Women’s Indian Premier League: T20 franchises sell for £465m

Players including England’s Sophie Ecclestone previously played in the Women’s T20 Challenge in India

The five franchises for the inaugural Women’s Premier League in India have been sold for £465m.

The WPL, which takes place in March, is a women’s version of the Indian Premier League (IPL), the world’s biggest Twenty20 franchise competition.

Owners of three existing IPL teams – Royal Challengers Bangalore, Mumbai Indians and Delhi Capitals – secured the rights for women’s franchises.

The other two teams were awarded to Adani Group and Capri Global.

Those sides will be based in Ahmedabad and Lucknow respectively.

The owners of four other IPL franchises, Kolkata Knight Riders, Punjab Kings, Rajasthan Royals and Sunrisers Hyderabad, were unsuccessful with their bids.

Former England cricketer and BBC Test Match Special commentator Isa Guha described the deal as “a landmark day for the women’s game.”

The Board of Control for Cricket in India (BCCI) previously sold the media rights for the WPL to Viacom 18 for approximately £96m.

BCCI secretary Jay Shah described the deal as “transformative” for women’s cricket.

A player auction will now be held before the tournament, which is expected to take place at the beginning of February.

Each team can sign up to seven overseas players, with England stars such as spinner Sophie Ecclestone and all-rounder Nat Sciver expected to be among the most expensive.

The player registration process has already started, with ex-England spinner and BBC Test Match Special summariser Alex Hartley confirming her application on social media.

Previously, India hosted the Women’s T20 Challenge, an invitational event which started as one exhibition match in 2018 before expanding to three teams in 2019.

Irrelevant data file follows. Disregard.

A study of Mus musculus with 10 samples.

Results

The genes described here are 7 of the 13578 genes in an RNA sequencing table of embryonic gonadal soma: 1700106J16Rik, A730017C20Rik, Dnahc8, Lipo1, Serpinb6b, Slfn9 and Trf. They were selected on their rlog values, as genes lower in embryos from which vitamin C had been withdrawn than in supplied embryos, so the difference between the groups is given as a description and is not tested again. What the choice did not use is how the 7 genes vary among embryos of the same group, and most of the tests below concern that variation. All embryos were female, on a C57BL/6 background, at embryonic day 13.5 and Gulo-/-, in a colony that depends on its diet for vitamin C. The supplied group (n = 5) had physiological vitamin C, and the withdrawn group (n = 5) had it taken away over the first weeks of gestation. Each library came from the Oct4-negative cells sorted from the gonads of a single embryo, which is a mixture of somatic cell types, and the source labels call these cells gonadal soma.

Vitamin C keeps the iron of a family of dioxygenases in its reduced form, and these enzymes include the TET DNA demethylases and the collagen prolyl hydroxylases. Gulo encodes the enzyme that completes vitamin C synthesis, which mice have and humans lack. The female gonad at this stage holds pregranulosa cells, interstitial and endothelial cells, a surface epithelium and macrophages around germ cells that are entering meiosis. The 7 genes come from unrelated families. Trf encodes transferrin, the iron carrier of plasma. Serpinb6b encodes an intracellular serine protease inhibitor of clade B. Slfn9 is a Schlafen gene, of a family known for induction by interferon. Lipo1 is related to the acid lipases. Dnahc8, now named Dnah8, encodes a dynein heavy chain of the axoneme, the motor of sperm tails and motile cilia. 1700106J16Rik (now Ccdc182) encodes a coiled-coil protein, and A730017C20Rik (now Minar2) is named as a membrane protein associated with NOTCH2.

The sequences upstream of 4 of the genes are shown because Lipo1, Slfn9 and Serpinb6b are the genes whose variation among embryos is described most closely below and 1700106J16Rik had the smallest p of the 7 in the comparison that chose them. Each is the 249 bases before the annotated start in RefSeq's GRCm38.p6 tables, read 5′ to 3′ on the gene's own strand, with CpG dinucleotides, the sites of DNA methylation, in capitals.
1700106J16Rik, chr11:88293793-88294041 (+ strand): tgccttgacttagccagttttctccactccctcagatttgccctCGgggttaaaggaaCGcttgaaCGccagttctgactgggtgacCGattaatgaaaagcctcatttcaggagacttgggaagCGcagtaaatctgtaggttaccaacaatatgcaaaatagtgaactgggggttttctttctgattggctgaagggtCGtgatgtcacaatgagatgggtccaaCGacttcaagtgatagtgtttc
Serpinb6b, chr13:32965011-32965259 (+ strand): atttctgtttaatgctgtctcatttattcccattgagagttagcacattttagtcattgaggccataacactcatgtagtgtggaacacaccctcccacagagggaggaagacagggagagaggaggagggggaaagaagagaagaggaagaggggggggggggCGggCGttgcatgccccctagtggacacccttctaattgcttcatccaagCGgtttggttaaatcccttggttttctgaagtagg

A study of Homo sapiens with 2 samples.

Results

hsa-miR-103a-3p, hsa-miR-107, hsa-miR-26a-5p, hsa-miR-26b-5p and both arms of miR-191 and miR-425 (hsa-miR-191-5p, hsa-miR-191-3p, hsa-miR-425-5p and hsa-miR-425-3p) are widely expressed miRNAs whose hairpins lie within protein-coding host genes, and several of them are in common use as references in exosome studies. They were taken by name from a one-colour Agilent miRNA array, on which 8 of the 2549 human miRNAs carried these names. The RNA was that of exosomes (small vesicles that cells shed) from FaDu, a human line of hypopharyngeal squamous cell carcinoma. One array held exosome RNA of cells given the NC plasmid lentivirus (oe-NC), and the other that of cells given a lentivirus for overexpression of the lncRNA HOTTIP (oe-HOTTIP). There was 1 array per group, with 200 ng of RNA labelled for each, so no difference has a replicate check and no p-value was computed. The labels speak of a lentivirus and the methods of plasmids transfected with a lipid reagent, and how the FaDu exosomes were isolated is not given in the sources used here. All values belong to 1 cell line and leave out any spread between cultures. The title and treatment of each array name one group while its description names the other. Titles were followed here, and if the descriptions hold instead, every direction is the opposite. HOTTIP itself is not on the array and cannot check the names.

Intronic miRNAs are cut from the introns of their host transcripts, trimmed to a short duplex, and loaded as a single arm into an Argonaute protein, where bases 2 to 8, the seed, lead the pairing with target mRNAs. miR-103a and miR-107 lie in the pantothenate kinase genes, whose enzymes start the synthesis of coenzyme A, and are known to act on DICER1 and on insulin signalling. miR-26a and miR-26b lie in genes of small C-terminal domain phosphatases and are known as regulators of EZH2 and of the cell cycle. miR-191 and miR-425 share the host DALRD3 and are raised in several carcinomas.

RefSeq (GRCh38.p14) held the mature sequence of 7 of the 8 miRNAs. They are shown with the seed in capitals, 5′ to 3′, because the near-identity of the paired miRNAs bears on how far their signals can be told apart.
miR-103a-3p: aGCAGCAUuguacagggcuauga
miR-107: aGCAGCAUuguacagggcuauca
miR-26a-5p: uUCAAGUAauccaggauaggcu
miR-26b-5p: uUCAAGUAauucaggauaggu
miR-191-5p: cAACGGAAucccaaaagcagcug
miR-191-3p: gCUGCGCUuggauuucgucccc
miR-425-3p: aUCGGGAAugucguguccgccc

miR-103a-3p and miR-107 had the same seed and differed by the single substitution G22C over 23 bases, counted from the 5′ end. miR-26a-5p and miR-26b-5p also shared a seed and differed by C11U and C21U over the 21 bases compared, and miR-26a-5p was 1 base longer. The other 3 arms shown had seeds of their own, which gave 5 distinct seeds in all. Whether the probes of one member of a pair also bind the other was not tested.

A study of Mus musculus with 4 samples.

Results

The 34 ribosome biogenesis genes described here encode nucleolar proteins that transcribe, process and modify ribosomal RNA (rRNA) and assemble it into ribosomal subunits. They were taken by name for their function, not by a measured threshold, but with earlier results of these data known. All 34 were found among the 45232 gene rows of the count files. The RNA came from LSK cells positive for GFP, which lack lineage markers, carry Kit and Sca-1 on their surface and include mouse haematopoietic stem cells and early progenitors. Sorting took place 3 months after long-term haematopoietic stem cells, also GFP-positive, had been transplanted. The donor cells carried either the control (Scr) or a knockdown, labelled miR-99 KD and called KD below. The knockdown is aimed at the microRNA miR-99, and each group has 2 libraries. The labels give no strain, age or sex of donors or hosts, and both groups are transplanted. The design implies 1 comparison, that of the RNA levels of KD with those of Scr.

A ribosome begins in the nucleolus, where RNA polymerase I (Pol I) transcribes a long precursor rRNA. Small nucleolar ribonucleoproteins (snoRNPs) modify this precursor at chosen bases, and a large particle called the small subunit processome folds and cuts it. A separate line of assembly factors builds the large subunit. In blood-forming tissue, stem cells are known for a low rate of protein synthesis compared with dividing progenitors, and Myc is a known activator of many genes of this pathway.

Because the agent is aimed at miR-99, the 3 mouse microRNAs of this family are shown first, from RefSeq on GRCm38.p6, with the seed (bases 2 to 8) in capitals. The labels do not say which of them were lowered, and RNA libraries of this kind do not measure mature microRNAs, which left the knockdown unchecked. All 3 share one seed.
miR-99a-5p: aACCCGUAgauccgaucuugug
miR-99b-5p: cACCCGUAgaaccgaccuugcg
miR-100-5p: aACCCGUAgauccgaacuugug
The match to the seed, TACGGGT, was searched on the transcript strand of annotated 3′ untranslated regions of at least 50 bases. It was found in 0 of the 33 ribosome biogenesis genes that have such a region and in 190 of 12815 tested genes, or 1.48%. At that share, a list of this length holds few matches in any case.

‘The most significant development in women’s cricket history’

Analysis by BBC Sport chief cricket writer Stephan Shemilt

After years of rumours and false dawns, the women’s version of the IPL is finally here. The advent of the Women’s Premier League may be the most significant development in the history of women’s cricket.

The purchases of the teams means the league is starting to take shape, but there are bigger days ahead. How much money will the top players in the women’s game be worth? More than the deals in some men’s franchise leagues? What high-profile coaches might be attracted to the WPL?

For all the excitement, there is a note of trepidation for the knock-on the WPL might have to the international game.

Already the likes of Deandra Dottin and Lizelle Lee have stopped playing for West Indies and South Africa respectively, partly because they can make a living in franchise leagues. How many more will follow suit, especially from nations where contracts to female cricketers are not lucrative?

What about space in the calendar? There is already The Hundred in the UK, Big Bash in Australia and a short Caribbean Premier League. There is a Pakistan Super League on the horizon, too.

Are there enough women cricketers to service the growing amount of international and domestic cricket? Rest and rotation has crept into the women’s international game, which really needs the best players on show all the time to stay attractive to fans, broadcasters and sponsors. Can women’s cricket avoid the mistakes made in the men’s game?

If this sounds a gloomy outlook, it is anything but. This is a thrilling moment for women’s cricket, providing endless opportunities for players. Still, the game must tread carefully.